In a webinar on Friday announcing the report, Arduin said Dunleavy could improve his ranking by cutting state spending and working to change state policies on welfare and labor unions.
She said Alaska’s state spending as a share of the state’s economy is four times Florida’s.
“So the spending is through the roof,” she said. “Part of the reason is because of the policies, including union control; no … education choice; welfare dependency is through the roof. So he has a lot of opportunities across the board to improve his state’s economy.”
Regarding the issue of education choice, report co-author Arthur Laffer has advocated that states pay parents for private school tuition.
The report credited Dunleavy with trying to reduce spending, for not introducing an income tax, and for an attempt to end state collection of state employee union dues that’s stuck in a legal battle. But it considered cuts to Permanent Fund dividends — which the Alaska Legislature passed over Dunleavy’s objection — as a form of taxation.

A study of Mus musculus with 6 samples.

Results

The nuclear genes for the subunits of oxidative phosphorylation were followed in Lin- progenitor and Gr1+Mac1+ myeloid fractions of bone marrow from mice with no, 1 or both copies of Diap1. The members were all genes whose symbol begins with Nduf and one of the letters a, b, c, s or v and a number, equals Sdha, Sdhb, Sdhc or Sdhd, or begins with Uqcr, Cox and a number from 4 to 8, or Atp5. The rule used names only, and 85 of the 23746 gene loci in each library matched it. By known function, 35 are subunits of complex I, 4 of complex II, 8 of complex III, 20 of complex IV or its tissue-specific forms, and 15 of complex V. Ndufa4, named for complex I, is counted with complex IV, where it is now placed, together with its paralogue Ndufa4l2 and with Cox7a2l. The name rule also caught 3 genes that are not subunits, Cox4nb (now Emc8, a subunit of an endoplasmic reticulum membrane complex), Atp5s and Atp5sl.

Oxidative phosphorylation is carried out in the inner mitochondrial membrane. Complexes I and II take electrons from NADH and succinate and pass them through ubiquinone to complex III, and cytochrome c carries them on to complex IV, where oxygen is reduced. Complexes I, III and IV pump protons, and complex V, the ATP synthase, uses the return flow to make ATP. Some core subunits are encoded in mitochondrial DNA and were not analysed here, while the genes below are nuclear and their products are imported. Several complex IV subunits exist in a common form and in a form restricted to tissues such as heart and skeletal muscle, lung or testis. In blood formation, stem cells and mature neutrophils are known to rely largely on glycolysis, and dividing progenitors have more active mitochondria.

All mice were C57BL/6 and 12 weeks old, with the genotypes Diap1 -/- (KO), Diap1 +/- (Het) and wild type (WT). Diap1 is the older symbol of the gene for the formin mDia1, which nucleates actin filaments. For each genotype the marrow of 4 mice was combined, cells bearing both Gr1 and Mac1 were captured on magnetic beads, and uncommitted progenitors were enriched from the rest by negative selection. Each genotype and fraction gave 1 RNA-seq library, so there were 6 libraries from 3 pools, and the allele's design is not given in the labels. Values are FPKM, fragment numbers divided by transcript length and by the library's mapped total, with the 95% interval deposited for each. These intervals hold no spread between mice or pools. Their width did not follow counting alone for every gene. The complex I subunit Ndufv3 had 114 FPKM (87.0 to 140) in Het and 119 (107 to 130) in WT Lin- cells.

Dunleavy’s office called the report “well researched” in a written statement that added: “It is no secret that Alaska has taken decades to reach this point due to overspending.”
Dunleavy’s office notes that the report ranked him third in spending policy and 13th in his handling of CARES Act funds. His office also says input from the Legislature and the courts is needed to change the union and welfare policies. And Dunleavy also believes the Legislature also must cooperate on education to make improvements.
Arduin was Alaska’s budget director for nine months after Dunleavy took office. She helped write Dunleavy’s first budget proposal, which drew strong criticism from lawmakers and members of the public. It also drove a recall campaign.
She recently helped lead a two-day seminar in Alaska. Organizers said 36 Republican and Libertarian legislators and candidates attended, according to the Anchorage Daily News.
The report was published by the American Legislative Exchange Council, or ALEC, which promotes conservative state legislation.